Customers hoping for increased agnosticism.
EMC Corp.s $1.3 billion acquisition of backup software maker Legato Systems Inc. could prove to be positive for the pairs thousands of mutual users. For the deal to succeed, EMC will have to redouble its efforts to prove itself an objective, independent software provider, customers say.
The deal, which is expected to close by next quarter, is EMCs largest ever, surpassing the $1.1 billion it paid for Data General Corp. in 2000. EMCs goal is to increase its software revenue from the current 22 percent to 30 percent by the end of next year, officials said.
"The Legato transaction represents several things in our evolution of open software. Backup is really going to morph into a focus on data recovery. Its going to morph into a focus on replication and ultimately morph into information life-cycle management," said Mark Lewis, executive vice president of open software and chief technology officer.
EMC-Legato: Tale of the Tape
Closer to goal of 30 percent software revenue by late next year
Assurance that software will stay agnostic
Technical support improvements
Lewis dismissed criticism of EMCs history of poor third-party support, such as with its ControlCenter product, which was designed to manage any storage brand but saves its best functionality for EMC gear. "That track record should be meaningless," Lewis said. "Our intent with [Legatos] Networker is to keep it completely open and heterogeneous."
The Legato deal also gives EMC, of Hopkinton, Mass., e-mail archiving and hierarchical storage management software, Lewis said.
Users had mixed reactions after the deal was announced.
Legato customers demand support for older, current and future stand-alone versions of Networker. Their fear is that EMC will launch features optimized for ControlCenter, requiring licenses for software that users had no plans to purchase. EMC users, meanwhile, are concerned about the companys commitment to support third-party backup, such as Computer Associates International Inc.s BrightStor, IBMs Tivoli Storage Manager and Veritas Software Corp.s NetBackup. But barring major changes or large discounts from EMCs competition, customers say theyll stick with what they have.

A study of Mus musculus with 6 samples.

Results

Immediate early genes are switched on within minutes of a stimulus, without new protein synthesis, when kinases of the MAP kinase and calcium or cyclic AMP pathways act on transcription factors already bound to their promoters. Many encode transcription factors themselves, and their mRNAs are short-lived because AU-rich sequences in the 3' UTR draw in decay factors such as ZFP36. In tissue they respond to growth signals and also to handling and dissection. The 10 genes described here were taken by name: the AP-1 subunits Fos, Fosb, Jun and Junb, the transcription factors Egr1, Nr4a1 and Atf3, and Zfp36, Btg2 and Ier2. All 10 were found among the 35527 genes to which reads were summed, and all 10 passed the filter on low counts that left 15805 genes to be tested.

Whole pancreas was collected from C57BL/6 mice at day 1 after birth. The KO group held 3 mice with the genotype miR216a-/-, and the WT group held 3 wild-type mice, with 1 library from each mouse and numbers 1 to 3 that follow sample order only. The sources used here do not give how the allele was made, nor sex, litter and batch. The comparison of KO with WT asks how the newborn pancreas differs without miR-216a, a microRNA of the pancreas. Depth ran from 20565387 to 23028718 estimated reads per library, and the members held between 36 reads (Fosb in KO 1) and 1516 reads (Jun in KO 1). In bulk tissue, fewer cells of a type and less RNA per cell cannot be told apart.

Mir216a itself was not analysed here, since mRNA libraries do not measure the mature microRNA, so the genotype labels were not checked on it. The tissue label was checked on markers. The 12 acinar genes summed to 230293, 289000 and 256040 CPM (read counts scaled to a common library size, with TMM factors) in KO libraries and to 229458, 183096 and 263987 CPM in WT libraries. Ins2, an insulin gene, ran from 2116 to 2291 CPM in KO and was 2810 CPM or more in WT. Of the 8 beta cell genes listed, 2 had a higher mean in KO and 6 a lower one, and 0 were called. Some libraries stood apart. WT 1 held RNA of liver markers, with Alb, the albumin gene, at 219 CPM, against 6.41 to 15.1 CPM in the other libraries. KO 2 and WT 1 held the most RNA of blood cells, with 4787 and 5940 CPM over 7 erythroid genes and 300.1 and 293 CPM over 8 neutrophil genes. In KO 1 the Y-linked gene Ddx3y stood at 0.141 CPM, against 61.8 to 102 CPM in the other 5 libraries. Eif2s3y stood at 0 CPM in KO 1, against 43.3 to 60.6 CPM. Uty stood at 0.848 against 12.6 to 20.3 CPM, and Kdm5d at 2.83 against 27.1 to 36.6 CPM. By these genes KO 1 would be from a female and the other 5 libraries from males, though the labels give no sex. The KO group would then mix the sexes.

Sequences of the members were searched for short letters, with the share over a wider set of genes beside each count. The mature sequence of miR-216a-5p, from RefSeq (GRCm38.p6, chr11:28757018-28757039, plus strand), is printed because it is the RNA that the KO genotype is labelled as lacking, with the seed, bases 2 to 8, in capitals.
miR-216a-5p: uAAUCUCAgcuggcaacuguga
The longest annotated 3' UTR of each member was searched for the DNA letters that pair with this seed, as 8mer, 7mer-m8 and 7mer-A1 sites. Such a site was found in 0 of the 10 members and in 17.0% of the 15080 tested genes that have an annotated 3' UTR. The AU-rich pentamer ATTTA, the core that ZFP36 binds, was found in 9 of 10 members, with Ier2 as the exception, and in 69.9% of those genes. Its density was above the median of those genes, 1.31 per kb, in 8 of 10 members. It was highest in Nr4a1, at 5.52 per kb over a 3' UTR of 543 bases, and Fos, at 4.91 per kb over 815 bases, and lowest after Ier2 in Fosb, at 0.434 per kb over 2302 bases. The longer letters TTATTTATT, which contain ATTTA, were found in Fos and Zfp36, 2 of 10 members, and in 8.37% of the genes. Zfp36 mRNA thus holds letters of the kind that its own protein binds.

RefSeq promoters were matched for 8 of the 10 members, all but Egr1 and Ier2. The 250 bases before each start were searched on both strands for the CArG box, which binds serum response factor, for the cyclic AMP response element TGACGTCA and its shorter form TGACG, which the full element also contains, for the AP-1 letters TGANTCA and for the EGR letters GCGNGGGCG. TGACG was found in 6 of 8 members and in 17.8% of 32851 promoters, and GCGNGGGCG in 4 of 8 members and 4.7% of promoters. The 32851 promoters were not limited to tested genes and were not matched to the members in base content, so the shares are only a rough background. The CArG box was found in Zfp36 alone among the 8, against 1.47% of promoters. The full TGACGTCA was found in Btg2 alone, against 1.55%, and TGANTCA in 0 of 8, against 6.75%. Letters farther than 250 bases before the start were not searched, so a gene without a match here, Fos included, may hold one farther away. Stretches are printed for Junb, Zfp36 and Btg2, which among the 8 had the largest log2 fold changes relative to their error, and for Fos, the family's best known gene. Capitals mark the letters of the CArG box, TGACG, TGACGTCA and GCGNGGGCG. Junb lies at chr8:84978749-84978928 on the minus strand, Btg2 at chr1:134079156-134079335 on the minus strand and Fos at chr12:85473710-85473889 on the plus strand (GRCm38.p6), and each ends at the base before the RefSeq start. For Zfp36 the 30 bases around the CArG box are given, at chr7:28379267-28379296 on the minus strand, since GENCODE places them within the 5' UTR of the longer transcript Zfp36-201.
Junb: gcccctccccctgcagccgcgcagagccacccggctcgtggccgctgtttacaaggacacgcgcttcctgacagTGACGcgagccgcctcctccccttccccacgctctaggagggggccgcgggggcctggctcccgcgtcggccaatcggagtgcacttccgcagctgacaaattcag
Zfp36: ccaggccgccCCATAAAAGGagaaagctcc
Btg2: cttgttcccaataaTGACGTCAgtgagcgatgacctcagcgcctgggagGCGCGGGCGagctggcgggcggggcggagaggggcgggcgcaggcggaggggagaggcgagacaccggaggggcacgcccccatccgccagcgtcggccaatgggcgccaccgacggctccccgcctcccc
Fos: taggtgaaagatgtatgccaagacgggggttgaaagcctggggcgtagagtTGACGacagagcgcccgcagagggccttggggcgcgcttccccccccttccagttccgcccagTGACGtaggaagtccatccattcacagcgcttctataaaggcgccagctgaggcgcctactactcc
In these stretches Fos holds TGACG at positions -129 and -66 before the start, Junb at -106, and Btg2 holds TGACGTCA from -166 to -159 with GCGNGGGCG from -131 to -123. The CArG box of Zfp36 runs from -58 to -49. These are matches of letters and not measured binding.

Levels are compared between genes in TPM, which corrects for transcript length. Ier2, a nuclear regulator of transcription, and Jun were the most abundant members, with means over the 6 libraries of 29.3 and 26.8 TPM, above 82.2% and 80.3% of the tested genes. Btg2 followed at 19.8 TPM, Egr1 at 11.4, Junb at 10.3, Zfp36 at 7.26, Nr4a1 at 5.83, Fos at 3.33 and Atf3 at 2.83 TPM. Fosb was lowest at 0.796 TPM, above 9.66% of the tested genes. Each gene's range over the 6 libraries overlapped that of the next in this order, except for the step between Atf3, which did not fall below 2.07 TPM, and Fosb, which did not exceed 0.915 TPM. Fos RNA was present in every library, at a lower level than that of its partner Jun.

Adam Jackson, systems administrator at Bell Canada, in Toronto, said he hopes EMC can bring better resources to his Legato backup on Sun Microsystems Inc. hardware. "[Legato is] not really focused up in Canada where we are. Making it a bigger company will probably [improve] support," Jackson said.
On the flip side, EMC " doesnt have a great track record of supporting a lot of third-party technologies. Theyre coming and cramming their product of the week down our throats," said a storage administrator at a major East Coast stock market, who asked not to be named. EMC had tried to get the customer to use switches from its former subsidiary, McData Corp.
"We looked at other SAN [storage area network] management technologies; there was always resistance," the user said. "This is probably going to be another case."
For examples of hardware companies that havent interfered with their softwares agnosticism, customers can look to IBMs Tivoli or to Hewlett-Packard Co.s OpenView, said Gartner Inc. analyst Ray Paquet, in Framingham, Mass. "Backup is typically flowing through a server, not direct from storage," Paquet said.
HP will continue with its recently announced partnership to resell Legatos EmailXtender and DiskXtender archiving software, officials at HP, in Palo Alto, Calif., said. Officials of Network Appliance Inc., in Sunnyvale, Calif., did not comment on the companys relationship with Legato.
Meanwhile, EMC officials said theyre already looking ahead to the next acquisition. EMC CEO Joe Tucci declined to comment specifically, but EMC still has its $5.7 billion cash reserve on hand, industry watchers said.